Assay: Lately I've been doing some research on Thomas Merton (long story), and that got me thinking about Flannery O'Connor, and that got me thinking about a post that I wrote several years ago. Of all the posts I've ever written, this post is one of my favorites.
So I've decided to post it again:
Years ago, my husband and I fixed up a very close friend with another friend. They fell in love, it was great. But within a few years, he got sick. She stood by him through it all. Then he died. It was awful. And it was very, very hard on our friend.
It was a sad situation for many reasons. As the years passed, one thing continued to bother me: I felt we had put a beloved friend in the path to sorrow. It had been inadvertent and well-intentioned, but still, we had brought all this pain into our good friend’s life.
I mentioned this to my husband, and he said something that completely changed my thinking. He said, “Yes, it was very hard on her. But think how much better it was for him.”
This thought, obvious as it is, had never occurred to me. I realized – how often I make this error. I was acting as though my friend were the main character of this story! That she was the one who really mattered. And I saw that I make this mistake all the time. I’m the most main character of course, and then the people close to me, and so on…with some people just appearing as extras or in walk-on roles.
But that’s not true. Everyone is a main character. And everyone is a minor character. And as I started thinking about this, I realized that many of my favorite happiness passages concerned exactly this shift: someone re-interpreting a situation, by understanding how different circumstance would seem if someone else were placed in the starring role.
Each has haunted me, but only now do I see what theme links them together.
Reading Flannery O’Connor’s letters in The Habit of Being led me to the extraordinary book, A Memoir of Mary Ann, a memoir about a little girl, Mary Ann, who lived with a gruesome tumor on her face before dying of cancer, written by the nuns with whom she lived for several years in a free cancer-treatment home.
Near the end of Mary Ann’s life, a five-month-old baby, Stephanie, was brought to the cancer home. Stephanie’s parents were crushed at the thought of leaving their baby there.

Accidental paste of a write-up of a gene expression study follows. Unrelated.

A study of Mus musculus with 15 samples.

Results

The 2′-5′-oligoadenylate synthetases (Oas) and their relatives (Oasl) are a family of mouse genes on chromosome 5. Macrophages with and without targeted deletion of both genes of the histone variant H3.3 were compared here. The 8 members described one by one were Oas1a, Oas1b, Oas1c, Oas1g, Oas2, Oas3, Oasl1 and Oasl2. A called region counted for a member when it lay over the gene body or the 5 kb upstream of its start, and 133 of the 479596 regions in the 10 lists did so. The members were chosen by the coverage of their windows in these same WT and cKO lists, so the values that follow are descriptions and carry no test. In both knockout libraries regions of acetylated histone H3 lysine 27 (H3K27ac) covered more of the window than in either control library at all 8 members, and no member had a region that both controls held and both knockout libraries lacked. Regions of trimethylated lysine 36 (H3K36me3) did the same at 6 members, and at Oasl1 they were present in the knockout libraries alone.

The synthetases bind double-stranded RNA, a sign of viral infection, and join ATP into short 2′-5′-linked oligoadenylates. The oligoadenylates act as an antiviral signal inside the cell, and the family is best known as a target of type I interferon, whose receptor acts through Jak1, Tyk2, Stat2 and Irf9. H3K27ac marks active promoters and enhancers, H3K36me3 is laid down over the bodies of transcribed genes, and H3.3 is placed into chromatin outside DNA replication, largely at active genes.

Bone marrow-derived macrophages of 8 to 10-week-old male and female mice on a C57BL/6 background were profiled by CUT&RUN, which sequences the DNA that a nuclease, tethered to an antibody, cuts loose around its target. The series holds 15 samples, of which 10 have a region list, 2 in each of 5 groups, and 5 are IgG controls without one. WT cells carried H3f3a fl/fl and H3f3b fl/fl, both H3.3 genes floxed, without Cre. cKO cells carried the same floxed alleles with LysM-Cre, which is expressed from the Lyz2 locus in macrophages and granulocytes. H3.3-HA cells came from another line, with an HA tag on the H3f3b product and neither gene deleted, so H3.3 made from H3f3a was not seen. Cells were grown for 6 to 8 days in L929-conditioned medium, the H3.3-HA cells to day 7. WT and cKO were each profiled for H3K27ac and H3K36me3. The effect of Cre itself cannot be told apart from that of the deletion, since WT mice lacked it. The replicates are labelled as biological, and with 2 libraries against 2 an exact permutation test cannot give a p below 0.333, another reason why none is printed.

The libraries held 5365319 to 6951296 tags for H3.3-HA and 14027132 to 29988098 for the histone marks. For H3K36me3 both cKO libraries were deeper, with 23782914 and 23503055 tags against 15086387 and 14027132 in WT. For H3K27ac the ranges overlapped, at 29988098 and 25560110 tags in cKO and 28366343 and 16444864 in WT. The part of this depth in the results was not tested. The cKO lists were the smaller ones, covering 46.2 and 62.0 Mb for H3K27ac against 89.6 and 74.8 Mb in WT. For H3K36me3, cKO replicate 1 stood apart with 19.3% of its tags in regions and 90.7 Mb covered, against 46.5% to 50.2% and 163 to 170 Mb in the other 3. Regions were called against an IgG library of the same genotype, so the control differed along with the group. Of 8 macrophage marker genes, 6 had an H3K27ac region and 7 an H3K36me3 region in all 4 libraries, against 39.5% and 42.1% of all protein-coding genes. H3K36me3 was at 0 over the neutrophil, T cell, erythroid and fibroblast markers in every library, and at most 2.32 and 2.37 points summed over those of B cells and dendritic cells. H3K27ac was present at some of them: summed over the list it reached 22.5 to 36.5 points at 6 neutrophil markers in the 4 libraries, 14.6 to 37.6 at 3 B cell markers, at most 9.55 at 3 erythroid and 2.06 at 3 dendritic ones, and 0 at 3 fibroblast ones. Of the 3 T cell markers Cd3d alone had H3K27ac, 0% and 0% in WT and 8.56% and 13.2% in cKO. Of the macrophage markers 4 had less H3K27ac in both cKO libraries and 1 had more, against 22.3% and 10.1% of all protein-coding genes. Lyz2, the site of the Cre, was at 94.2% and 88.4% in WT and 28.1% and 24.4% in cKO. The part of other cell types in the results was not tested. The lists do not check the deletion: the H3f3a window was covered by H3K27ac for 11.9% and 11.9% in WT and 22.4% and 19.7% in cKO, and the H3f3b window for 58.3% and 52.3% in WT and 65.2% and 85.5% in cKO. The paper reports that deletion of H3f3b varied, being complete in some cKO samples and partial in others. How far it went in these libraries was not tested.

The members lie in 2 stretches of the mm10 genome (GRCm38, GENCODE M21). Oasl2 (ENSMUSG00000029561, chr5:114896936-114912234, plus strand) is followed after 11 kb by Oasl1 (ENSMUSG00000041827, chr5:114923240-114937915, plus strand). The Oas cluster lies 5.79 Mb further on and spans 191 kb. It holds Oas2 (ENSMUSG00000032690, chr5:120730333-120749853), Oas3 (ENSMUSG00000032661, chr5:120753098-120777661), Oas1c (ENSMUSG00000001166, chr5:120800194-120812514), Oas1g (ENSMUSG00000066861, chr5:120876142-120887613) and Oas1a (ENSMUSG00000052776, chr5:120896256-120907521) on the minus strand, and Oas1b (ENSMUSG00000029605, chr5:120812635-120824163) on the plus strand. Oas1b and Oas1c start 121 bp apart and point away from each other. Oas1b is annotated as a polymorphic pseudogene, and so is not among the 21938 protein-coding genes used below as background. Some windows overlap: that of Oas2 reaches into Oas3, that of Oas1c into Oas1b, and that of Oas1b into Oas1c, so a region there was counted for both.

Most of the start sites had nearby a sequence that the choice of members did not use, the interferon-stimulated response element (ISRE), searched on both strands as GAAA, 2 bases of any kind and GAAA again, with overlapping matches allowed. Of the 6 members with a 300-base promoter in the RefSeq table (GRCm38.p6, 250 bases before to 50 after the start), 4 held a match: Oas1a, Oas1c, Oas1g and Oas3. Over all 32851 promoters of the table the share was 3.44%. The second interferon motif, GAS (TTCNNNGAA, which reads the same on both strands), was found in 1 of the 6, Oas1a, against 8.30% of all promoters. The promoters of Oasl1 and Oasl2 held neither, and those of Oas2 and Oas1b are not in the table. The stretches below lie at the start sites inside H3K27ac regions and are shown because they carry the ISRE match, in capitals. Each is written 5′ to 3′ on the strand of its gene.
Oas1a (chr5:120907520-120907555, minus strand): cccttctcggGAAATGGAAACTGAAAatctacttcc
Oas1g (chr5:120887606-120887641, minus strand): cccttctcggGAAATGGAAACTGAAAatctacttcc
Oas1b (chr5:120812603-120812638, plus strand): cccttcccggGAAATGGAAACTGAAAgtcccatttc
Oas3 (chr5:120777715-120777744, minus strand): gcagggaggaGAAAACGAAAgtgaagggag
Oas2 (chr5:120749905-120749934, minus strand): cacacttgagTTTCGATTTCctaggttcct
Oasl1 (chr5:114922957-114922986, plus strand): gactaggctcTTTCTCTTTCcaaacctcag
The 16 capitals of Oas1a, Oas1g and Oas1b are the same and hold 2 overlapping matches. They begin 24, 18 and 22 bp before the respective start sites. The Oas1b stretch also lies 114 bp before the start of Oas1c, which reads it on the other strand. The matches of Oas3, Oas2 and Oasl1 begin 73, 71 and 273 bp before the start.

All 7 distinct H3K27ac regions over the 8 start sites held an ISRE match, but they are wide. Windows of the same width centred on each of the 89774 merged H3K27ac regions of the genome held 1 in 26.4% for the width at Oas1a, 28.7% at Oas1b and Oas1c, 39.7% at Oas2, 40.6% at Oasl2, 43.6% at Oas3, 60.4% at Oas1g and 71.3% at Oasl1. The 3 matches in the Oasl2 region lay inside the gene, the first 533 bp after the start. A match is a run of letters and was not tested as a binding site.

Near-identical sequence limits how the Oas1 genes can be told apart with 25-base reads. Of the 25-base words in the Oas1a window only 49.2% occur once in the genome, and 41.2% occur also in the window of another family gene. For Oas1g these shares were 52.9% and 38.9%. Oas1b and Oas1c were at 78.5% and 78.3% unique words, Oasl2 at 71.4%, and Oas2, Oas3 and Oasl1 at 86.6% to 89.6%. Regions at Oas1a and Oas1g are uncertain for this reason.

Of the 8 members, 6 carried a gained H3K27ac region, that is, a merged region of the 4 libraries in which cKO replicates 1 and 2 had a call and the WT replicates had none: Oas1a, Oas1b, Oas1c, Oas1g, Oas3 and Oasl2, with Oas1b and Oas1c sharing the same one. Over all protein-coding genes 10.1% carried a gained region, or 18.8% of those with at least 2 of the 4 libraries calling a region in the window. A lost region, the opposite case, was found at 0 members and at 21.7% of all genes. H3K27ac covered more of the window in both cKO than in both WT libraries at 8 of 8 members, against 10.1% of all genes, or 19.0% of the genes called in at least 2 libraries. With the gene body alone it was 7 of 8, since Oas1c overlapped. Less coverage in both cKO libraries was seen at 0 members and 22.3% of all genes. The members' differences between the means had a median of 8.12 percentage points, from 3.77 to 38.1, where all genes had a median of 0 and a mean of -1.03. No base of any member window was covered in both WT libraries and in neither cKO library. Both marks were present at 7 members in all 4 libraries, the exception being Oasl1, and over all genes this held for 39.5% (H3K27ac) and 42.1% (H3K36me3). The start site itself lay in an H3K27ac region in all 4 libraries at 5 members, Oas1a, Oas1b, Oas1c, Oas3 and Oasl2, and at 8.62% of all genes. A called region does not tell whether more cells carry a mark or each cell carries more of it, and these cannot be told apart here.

The nuns relate that for years, Mary Ann had longed for a baby to take care of. When Stephanie arrived, she said shyly to the baby’s mother, “I didn’t pray for a baby to be sick, but I prayed that if a baby was sick, it would come here.”
Later, the mother wrote the nuns, “I had accepted the hurt [my child’s affliction] brought me, but I had not accepted the fact that I had to give her up. My husband was suffering too and my attitude…was not helping much. Mary Ann’s words opened my understanding. Stephanie was needed…this child [Mary Ann] with the bandaged face and a heart full of love needed her…God had given me a good husband, six beautiful children. This last child was probably the most special of them all, destined for something I knew nothing about.”
In Viktor Frankl’s masterpiece, Man’s Search for Meaning, he relates a story from his psychiatric practice, when an elderly man, distraught with grief over the death of his wife two years before, came to him.
Frankl asked, “What would have happened…if you had died first, and your wife would have had to survive you?”
The man answered, “Oh, for her this would have been terrible; how she would have suffered!”
Frankl responded, “You see…such a suffering has been spared to her, and it was you who have spared her this suffering—to be sure, at the price that now you have to survive and mourn her.”
The man left the office, comforted. Frankl observed, “In some way, suffering ceases to be suffering at the moment it finds a meaning, such as the meaning of a sacrifice.”
Here’s an example from children’s literature. In Rick Riordan’s novel, The Sea of Monsters, the hero of the story, thirteen-year-old Percy Jackson (who happens to be the son of the sea god Poseidon and a mortal woman), has taken Tyson, a huge, awkward boy who seems to be learning-disabled, with a misshapen face, under his wing. They go to high school together, but Percy isn’t exactly sure why he’s bothering to protect Tyson and drag him along on his Olympian adventures.
He keeps Tyson with him, though, and at the end of the book, Percy learns that Tyson is his half-brother: Tyson is also a son of Poseidon, and he’s a Cyclops, which is why his face looks wrong (he only has one eye).
Tyson says to Percy, “Poseidon did take care for me after all…I prayed to Daddy for help…He sent me a brother.”
Ah! we see. Percy thought that Tyson was tagging along with him, but in fact, he was a supporting character in Tyson’s adventure.
How about you? Have you ever had a moment when you realized that you could shift your understanding of a situation, by re-thinking who was at its center?